The notion that a wholly free market model can be allowed to destroy rural life cannot be left unchallenged. It is, as James Schneider so cleverly put it, entirely the right of individuals not to sell their homes in idyllic communities to outsiders looking for a weekend place in the country. Not a country dweller then, James...
As the number of second homes within a village reach a critical mass, local services begin to lose their financial viability and close. Bus services, such as they are, begin to be withdrawn. Village stores and post offices reduce their hours or close, village schools are reorganised out of existence. All of this leads to increased isolation and the temptation, sometimes necessity, to up sticks and move to a larger community, where the critical services they require are more readily available. Those who are left behind, perhaps because their house isn't as 'cute' or 'quaint', find it difficult to sell to more local purchasers, assuming that there are any, due to the lack of facilities.
An alternative solution is that we subsidise rural services, a fine example of the free market economy that my colleagues so boldly trumpet. I think not. Alternatively, we could just let small villages become midweek ghost towns. It doesn't take a crystal ball to see the eventual clamour from those second home owners now the proud possessors of charming homes in dead villages demanding support for their communities from local government whose business rate base has been decimated. Second homes, if left unchecked, cause local government and full-time local residents increased costs without any realistic compensation in return.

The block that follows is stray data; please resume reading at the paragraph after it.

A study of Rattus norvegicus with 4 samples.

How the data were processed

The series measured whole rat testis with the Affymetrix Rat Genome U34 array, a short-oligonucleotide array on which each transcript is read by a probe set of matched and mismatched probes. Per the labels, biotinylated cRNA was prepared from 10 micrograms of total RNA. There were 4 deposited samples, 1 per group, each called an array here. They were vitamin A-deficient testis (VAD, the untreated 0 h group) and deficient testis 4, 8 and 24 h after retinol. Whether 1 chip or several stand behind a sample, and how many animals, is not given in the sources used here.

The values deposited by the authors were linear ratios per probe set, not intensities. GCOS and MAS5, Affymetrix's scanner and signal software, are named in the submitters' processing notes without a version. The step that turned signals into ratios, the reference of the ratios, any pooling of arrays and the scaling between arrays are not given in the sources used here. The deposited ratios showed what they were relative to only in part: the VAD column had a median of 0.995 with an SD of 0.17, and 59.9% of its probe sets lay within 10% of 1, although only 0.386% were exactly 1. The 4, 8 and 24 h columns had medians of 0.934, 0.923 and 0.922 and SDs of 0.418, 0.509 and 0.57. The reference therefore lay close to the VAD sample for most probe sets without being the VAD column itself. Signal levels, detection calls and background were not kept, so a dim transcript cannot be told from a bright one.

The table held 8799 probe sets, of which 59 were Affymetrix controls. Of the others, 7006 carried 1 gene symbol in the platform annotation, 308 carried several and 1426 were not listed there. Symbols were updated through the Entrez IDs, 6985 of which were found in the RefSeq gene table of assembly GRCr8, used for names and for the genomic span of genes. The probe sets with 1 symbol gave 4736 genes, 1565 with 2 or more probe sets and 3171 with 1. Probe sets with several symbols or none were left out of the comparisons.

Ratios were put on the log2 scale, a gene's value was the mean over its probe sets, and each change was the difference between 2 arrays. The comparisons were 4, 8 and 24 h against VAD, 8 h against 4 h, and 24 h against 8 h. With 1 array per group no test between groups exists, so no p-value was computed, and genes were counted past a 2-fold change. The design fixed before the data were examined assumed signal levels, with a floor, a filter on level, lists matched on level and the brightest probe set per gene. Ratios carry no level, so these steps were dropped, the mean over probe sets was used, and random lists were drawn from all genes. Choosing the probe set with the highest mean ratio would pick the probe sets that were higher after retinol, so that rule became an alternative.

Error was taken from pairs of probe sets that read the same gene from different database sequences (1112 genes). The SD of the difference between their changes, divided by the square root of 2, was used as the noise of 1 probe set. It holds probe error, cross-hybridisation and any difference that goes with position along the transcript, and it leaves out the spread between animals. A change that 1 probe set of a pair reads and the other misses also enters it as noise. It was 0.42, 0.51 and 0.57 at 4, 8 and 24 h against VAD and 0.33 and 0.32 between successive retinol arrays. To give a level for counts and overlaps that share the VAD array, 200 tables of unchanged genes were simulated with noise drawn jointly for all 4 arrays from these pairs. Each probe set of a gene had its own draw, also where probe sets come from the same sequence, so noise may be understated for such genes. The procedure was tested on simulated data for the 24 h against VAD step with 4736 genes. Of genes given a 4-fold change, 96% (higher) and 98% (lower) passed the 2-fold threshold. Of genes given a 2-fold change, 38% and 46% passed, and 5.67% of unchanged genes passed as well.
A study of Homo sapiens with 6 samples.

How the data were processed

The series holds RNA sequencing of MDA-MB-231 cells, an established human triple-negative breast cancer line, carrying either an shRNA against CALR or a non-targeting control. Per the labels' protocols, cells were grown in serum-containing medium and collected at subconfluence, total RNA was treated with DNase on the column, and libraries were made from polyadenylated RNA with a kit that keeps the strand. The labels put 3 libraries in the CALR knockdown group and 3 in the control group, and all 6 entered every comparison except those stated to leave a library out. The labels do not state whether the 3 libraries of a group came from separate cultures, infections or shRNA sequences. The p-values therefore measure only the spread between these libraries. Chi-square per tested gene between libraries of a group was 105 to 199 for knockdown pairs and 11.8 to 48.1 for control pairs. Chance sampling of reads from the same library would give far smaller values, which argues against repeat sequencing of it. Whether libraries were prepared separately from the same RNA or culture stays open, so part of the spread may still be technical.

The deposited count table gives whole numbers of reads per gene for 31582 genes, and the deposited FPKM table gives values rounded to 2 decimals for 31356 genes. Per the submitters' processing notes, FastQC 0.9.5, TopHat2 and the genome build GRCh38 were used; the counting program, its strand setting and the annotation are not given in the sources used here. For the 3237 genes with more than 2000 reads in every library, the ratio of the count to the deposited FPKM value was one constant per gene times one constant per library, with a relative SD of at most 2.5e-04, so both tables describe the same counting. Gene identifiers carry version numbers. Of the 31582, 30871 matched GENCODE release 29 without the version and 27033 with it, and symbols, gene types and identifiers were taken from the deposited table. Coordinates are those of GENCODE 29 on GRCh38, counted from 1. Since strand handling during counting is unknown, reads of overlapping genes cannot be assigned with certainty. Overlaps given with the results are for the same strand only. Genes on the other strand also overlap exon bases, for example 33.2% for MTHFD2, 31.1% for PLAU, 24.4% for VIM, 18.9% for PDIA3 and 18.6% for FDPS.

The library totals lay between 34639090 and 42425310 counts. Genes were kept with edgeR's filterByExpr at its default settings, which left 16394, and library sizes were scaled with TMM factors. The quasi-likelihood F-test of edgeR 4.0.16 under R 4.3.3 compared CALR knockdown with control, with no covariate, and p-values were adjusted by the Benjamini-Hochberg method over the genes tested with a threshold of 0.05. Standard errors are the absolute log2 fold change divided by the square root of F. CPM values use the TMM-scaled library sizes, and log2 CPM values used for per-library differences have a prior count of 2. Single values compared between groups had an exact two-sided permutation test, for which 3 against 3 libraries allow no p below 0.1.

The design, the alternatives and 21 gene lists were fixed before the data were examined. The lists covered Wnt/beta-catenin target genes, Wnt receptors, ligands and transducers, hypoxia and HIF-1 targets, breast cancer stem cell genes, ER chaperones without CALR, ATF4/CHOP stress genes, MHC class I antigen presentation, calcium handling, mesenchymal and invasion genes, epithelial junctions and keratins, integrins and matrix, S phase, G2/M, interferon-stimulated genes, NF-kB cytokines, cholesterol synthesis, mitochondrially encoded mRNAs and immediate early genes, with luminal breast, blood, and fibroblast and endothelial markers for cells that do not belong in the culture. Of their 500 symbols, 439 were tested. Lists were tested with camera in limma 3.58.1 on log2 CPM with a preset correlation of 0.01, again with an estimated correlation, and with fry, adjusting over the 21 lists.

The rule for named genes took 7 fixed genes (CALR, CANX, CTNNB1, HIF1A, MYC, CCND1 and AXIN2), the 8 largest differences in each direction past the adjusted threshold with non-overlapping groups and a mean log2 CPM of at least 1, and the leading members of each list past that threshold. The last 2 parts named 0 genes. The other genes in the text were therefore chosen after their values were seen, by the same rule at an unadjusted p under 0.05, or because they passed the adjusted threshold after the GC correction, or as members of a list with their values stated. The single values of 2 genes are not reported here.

What other alternatives are there? We could increase council tax rates for second homes, although the amount charged is pretty much the full amount. Indeed, if we were to increase the charge to properly compensate for additional costs, you would be able to hear the screaming from the middle-classes from Mars (I am, for the record, decidedly middle-class).It is already the case that planning permission is required for the building of holiday dwellings. Legislation allowing local councils to determine for themselves what level of second home ownership can be sustained without negative impact on their communities is surely consistent with our belief in local autonomy and strong communities.
Yet again, the metropolitan fixation with choice and freedom shows its almost proud lack of understanding and knowledge of the needs, fears and hopes of rural communities, where choice and freedom are fine words not always supported by realistic opportunity. I expect it from Labour, whose concept of the countryside ends where the concrete does. I don't expect it from a political party whose existence was preserved by rural communities who remained loyal to its ideology at a time when almost nobody else cared.